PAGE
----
CONTRIBUTORS

Hold Republicans accountable for their educational record

Posted Oct. 30, 2012, at 1:11 p.m.

As the father of two young children — a first grader and one who will soon enter school — I have become increasingly alarmed by the direction of Maine’s education system over the past two years. The LePage administration and the Republican-controlled Legislature have taken numerous steps to harm and weaken public education in Maine.

Since March 2011 there have been a few instances of effective bipartisan work: a very modest increase in state funding, passage of the anti-bullying statute and incentives for teachers who successfully complete the prestigious National Board Certification process. However, Republicans need to be held accountable for three major negative developments.

The first of these is a growing demoralization within the teaching profession and the public schools. Since March 2011, teachers, school administrators and local boards have been under sustained attack from multiple directions. Some of the attacks erode teachers’ standard of living.

They have suffered serious cuts to the benefits and health insurance of retirees. The Legislature fragmented the Maine Education Benefits Trust health insurance plans, which were designed to reduce rates by allowing school districts to join larger employee pools. Maine teachers’ salaries rank 35th of the 50 states. Relatively modest benefits and retirement provisions were part of the tradeoff they accepted in order to work here, but that bargain was then unilaterally changed by the Republican Legislature.

The professionalism of educators themselves has been attacked. LePage openly ridicules the Maine education system, using terms like “failing,” “dismal” and “stagnant,” and says that Maine students are “looked down upon” by the rest of the country. The objective record does not support these statements. That they come from the governor himself is inexcusable.

The governor is also not above being punitive. One of his proposals would have charged districts for remedial coursework required for their graduates, thereby threatening to impose unpredictable penalties on those districts.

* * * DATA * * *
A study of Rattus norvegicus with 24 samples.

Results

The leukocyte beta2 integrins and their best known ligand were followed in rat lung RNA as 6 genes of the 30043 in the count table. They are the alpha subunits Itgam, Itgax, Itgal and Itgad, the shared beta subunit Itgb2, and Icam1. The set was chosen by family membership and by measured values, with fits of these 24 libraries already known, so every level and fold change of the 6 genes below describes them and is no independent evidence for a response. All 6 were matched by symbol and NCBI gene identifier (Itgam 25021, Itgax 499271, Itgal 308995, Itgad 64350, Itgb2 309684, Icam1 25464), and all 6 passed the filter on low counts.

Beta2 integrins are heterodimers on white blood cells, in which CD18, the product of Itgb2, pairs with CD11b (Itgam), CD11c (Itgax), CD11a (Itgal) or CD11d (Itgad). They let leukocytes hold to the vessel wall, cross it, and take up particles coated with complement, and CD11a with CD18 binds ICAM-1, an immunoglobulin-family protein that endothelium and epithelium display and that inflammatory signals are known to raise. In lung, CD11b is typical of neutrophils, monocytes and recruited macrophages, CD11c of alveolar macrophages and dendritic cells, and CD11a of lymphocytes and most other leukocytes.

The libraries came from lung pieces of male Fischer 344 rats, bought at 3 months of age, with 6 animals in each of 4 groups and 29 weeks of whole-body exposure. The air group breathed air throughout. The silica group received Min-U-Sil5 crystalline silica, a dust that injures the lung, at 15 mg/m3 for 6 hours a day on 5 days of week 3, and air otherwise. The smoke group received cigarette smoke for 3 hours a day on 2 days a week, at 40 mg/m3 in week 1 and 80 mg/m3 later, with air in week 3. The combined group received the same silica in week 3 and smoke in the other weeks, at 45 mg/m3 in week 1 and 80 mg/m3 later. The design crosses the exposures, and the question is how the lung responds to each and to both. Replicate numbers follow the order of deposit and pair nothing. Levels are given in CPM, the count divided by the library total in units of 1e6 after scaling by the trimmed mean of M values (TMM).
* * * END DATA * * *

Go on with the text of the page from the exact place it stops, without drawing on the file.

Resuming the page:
Perhaps most troubling is an erosion of commitment to the public education system as a whole. Republicans seem far more interested in supporting private choices in schooling and even for-profit education than in strengthening the public school system. Fortunately, their proposal to provide state aid to religious schools was defeated and one to establish an unbridled school choice plan failed to pass.

As recent news articles revealed, these and other education proposals advanced by Maine Republicans originated in the American Legislative Exchange Council, a national association established to promote conservative corporate and right-wing legislation at the state level.

Charter schools did pass the Legislature, and though the final bill established a maximum of only 10 such schools in the first 10 years of the program, the worries about charter schools continue to run deep. As envisioned, these schools will not be approved or administered by elected officials. Many worry that they will compete for funds with nearby public schools. There is deep concern around the state that precisely those citizens with energy and imagination who are so badly needed to help govern and improve the public system to better serve all our children’s needs will be attracted away to work on charters instead.

Finally, the Legislature’s party-line passage of LD 849, the “mini-TABOR” bill, will severely limit state expenditures in the future. The measure reduces the tax rate for wealthier Mainers. It will make it much harder to achieve current goals established in LD 1 for the state share of education costs and, especially important, increase competition for scarce resources between other social and health services and K-12 education. The cruel irony is that for significant numbers of Maine public school children, access to such services is critical to their ability to succeed in school.

The attacks on educators and schools, growing drive for privatization, deterioration of public governance and prospects of diminished resources for Maine’s schools detailed here are simply unacceptable. To end them, we must end LePage’s unchallenged Republican majority in Augusta.

On Election Day, I’ll be doing my part to retire the incumbents in my district, Rep. Richard Malaby, R-Hancock, and Sen. Brian Langley, R- Ellsworth, who have supported these destructive policies. If you care about the future of education in Maine, please join me.

Jeremy Smith is a resident of Gouldsboro.